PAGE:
Russian Crypto Exchange Gets Approval From Estonian Financial Watchdog
Russian cryptocurrency exchange B2BX has received regulatory approval from the Estonian Financial Intelligence Unit (FIU) to operate in the country, according to a press release published Nov. 12.
Founded in 2014, B2BX is a part of the B2Broker group of companies and a full-featured spot trading platform, offering 34 cryptocurrency markets. In late 2017, the exchange conducted an Initial Coin Offering (ICO), with the objective of making an official business-to-business crypto exchange aggregator to connect institutional clients, forex/DMA and stockbrokers with digital currency exchanges.
The recently obtained FIU license will allow B2BX to operate as a completely regulated exchange for trading digital currencies, as well as provide an extended level of crypto-to-crypto and “soon” crypto-to-fiat services. According to the release, B2BX is one of the first crypto exchanges to receive such recognition in Europe.
The announcement also says that with the new license, the exchange’s customers will get increased automatic deposit and withdrawal daily limits, in addition to exchange and withdrawal facilities in fiat currencies through bank transfer and all major payment service providers. Arthur Azizov, CEO and founder of B2Broker group said:
“We are delighted to have secured regulatory approval from Estonia, placing B2BX Exchange in the enviable position of being one of the first exchanges to achieve this accolade. I have long been a proponent of regulation which I believe will promote further the adoption of cryptocurrency usage and cryptocurrency trading.”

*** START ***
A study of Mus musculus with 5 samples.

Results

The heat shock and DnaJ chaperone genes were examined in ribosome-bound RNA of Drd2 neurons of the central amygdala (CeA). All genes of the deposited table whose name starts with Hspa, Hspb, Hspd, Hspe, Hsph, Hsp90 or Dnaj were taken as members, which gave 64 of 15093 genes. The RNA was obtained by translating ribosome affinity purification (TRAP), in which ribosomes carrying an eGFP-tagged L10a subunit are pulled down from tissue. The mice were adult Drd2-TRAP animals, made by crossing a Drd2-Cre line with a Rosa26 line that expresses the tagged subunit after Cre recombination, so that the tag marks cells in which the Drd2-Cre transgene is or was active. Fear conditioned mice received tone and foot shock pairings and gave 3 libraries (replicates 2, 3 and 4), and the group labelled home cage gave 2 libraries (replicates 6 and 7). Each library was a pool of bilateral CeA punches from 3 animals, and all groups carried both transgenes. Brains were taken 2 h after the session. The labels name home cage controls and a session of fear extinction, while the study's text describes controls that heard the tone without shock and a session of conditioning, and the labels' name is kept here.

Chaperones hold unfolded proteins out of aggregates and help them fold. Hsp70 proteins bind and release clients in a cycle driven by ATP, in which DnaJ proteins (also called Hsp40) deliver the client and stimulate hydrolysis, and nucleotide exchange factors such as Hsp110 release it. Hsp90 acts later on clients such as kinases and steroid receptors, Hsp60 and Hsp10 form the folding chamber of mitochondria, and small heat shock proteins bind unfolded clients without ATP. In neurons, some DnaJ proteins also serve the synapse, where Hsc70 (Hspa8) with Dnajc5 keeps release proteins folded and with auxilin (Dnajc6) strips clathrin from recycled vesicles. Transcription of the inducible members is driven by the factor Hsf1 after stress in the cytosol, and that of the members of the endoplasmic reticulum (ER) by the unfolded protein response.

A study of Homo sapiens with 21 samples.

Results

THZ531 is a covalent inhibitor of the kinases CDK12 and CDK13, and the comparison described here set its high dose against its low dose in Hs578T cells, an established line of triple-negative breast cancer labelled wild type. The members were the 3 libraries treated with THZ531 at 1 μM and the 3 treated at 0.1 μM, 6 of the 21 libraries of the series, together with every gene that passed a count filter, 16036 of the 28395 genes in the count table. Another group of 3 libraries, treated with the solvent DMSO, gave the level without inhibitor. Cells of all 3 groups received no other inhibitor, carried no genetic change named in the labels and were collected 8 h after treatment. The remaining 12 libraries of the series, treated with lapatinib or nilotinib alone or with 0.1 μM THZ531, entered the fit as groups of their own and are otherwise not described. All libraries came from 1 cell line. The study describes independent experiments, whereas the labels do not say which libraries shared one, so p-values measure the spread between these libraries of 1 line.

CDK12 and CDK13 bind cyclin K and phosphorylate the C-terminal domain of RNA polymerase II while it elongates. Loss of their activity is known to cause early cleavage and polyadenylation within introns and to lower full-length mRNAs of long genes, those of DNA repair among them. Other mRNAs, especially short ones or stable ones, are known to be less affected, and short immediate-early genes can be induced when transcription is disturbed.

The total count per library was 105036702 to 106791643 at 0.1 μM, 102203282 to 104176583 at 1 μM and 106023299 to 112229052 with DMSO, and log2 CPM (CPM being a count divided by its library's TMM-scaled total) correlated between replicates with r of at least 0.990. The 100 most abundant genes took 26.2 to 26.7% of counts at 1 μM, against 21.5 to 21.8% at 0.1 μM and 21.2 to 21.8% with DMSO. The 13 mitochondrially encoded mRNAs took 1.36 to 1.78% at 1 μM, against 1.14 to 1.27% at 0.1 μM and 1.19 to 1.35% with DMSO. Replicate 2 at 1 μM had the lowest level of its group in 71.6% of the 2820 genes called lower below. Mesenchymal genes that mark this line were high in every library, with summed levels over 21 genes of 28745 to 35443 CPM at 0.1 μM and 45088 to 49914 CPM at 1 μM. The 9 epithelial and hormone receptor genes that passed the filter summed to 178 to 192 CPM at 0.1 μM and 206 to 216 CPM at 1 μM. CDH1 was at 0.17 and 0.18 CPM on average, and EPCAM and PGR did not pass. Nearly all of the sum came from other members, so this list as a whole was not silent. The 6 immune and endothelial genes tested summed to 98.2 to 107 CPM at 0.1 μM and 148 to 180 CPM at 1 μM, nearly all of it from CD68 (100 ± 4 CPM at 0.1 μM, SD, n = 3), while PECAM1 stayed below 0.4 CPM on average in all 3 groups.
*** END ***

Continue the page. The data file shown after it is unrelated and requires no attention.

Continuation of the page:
B2BX purportedly plans to attain further licences in other countries and submit applications with “several established regulators.”
Estonia is known for its friendly approach to blockchain and cryptocurrencies, putting a strong priority on developing and supporting the technologies. In 2014, as part of the country’s digitization project, the government introduced an e-residency program, which allows non-Estonians to access certain government services with a smart card, which they can use to sign documents.
The country subsequently implemented an online voting system during national elections and involved a number of public service projects that are backed by blockchain, including health services. Last November, the ministries for Estonia, Latvia and Lithuania announced their cooperation on several actions aimed at expanding and developing their economies deploying blockchain technology.